If we told you you could receive a crated Jeep, would you believe us? Here is an overview of the WWII
A group of grifters placed ads and used the "Jeep in a Crate" tactic to reel in their cash. For only $20, you could send your money away in hopes of receiving boxed parts in return. Adjusted for inflation, that $20 would be between $200 and $300 today. But did anyone receive a crate? And if so, what was in it? Here is an overview of the WWII "Jeep in a Crate" and everything we know about this phenomenon today!

What Is "Jeep in a Crate’d"?

Jeeps are usually shipped uncrated, but we do have documents of shipped single unit packs (SUP) and twin unit packs (TUP) in crates. The stacked process allowed Jeeps to travel overseas and remain protected from saltwater ocean spray and inclement weather. But this process slowed before the 80s.

The shipment of these crates was wildly expensive. Regarding the scammers, their primary goal was to collect money on the backs of the shipment process of crated Jeeps.

Okinawa Graveyard

Unfortunately, the war's conclusion brought an interesting twist to the famed Jeep. In 1949, an astounding number of parts, Jeeps, and crates found a new home on the Island of Okinawa. Stacked, filed, and parked closely together, it is unclear what came of this graveyard. But many speculate that they rotted away and became casualties of war.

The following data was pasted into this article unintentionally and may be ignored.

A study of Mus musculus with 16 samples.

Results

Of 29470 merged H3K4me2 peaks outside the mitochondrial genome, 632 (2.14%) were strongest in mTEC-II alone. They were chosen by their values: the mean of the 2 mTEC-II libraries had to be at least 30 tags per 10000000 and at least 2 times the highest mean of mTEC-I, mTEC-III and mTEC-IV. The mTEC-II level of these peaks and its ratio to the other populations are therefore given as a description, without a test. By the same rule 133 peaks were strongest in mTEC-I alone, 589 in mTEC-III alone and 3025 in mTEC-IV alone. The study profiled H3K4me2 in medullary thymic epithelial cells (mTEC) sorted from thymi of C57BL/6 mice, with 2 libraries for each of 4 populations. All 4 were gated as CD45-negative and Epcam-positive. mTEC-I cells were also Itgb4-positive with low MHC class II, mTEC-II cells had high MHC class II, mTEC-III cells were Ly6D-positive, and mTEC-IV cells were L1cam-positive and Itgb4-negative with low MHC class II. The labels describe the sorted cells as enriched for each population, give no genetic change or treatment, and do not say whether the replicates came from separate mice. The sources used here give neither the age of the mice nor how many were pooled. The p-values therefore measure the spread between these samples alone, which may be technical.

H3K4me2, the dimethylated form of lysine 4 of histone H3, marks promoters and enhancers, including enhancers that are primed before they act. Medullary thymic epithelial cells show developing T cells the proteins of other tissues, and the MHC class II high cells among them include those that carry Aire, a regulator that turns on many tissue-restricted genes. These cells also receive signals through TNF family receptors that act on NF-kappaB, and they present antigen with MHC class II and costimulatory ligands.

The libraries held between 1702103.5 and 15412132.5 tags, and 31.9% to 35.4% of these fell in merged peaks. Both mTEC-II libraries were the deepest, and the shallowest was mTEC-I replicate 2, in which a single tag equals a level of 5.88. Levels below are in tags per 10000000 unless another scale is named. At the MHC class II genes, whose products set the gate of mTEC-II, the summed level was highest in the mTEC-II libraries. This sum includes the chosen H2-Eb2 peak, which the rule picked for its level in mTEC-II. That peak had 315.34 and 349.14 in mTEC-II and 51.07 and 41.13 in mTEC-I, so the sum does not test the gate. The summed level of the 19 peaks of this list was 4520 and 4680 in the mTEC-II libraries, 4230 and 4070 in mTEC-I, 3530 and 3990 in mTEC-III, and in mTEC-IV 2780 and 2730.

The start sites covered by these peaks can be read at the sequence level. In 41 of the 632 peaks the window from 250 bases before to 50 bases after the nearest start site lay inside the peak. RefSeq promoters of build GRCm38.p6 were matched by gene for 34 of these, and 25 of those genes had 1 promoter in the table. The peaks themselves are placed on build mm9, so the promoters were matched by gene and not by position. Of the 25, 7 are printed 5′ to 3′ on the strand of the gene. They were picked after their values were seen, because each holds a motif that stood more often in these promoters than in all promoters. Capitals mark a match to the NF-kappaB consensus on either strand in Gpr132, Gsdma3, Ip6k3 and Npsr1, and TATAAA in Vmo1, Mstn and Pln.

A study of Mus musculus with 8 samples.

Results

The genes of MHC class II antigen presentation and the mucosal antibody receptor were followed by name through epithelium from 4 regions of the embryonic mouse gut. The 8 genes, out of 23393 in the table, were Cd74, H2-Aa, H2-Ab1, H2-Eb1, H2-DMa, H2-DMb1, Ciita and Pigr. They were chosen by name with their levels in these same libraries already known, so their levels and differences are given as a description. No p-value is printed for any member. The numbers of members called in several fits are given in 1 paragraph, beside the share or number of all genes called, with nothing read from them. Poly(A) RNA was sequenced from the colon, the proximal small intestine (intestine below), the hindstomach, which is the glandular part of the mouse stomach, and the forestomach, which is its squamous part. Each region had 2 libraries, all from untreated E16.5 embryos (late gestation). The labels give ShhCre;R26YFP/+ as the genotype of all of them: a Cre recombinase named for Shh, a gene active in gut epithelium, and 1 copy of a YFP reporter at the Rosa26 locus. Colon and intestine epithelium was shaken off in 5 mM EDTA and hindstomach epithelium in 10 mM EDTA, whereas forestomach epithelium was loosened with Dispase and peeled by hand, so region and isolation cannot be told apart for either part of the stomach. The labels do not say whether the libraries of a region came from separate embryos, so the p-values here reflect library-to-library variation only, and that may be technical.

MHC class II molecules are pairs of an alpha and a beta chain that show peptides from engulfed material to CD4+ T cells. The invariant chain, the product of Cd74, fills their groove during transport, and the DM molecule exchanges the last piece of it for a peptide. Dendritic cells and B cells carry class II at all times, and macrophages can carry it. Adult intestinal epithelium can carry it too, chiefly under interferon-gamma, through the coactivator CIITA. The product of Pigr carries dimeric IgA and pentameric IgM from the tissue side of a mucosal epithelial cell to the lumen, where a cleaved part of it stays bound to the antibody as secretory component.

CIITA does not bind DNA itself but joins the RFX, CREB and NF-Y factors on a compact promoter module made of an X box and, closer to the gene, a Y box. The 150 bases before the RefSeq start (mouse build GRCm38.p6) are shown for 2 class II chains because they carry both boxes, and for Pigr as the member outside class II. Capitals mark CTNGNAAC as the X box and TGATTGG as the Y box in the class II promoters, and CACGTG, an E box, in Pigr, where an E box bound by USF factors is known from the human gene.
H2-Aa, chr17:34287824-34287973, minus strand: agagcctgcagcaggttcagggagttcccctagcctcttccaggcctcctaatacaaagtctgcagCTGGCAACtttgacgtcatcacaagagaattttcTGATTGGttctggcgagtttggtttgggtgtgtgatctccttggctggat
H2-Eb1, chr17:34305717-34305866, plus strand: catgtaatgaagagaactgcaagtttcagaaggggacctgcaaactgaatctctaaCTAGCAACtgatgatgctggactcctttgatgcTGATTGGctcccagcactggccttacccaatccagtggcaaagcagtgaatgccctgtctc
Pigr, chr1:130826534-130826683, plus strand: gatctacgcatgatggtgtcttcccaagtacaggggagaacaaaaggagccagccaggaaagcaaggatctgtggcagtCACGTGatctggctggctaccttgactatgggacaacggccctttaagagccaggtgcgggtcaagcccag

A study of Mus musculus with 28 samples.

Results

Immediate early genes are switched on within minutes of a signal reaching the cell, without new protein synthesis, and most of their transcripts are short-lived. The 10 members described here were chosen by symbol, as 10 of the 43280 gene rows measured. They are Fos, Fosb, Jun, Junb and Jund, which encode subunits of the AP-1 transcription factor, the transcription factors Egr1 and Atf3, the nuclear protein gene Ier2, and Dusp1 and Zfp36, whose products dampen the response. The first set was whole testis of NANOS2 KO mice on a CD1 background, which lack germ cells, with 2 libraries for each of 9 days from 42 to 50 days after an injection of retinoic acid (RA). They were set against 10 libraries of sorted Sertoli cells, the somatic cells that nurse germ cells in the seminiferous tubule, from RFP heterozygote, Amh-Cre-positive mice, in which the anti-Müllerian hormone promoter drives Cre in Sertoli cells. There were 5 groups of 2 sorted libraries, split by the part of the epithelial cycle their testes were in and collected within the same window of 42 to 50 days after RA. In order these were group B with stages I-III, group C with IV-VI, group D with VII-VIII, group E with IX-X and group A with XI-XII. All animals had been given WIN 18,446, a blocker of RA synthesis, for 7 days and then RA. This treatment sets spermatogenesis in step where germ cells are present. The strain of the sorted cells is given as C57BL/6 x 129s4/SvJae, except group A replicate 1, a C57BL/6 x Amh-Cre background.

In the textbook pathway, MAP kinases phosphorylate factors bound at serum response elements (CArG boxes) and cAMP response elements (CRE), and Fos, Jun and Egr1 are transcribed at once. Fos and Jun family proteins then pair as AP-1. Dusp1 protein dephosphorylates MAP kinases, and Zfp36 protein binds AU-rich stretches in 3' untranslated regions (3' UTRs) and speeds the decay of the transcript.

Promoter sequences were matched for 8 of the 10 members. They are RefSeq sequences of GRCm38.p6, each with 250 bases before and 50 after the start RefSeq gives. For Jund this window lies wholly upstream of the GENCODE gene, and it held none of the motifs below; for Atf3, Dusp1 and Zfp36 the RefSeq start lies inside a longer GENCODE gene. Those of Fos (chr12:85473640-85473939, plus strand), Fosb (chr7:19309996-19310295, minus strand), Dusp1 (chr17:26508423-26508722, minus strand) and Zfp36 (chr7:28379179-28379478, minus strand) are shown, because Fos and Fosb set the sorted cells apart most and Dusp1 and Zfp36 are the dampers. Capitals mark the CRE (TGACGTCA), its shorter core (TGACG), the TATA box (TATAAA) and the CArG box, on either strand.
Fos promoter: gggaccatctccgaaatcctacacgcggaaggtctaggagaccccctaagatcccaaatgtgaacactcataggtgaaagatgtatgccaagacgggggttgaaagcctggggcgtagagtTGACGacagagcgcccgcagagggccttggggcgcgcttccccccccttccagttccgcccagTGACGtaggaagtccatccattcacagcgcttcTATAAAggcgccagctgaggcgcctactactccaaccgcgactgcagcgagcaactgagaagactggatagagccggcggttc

Ad Speculation

When the Jeeps arrived at their resting place on Okinawa, this became a possible root cause of the ads featured in the back of comics and magazines. Some of the dumped vehicles were still in shipment mode, which meant they featured condensed shapes, missing parts, and a crate-like base.

The ads highlighted an ex-army G503, the military's G-series designation, and referenced various vehicles, the Ford GPW, the Willys Command Reconnaissance MB, and the 1/4Ton. When the civilian post-war market boomed, and the ads hit print, it was easy to understand why civilians believed they would soon receive their Jeep in a Crate for only $20.

In this overview of the WWII “Jeep in a Crate,” we learned that the post-WW II consumer could not get a Jeep in a crate. Consumers today, however, can get their hands on original vehicles and parts, though they are rare.

Contact Army Jeep Parts today to receive authentic 1964 Willys Jeep parts. These original components can assist you in restoration, hobby hunting, and more.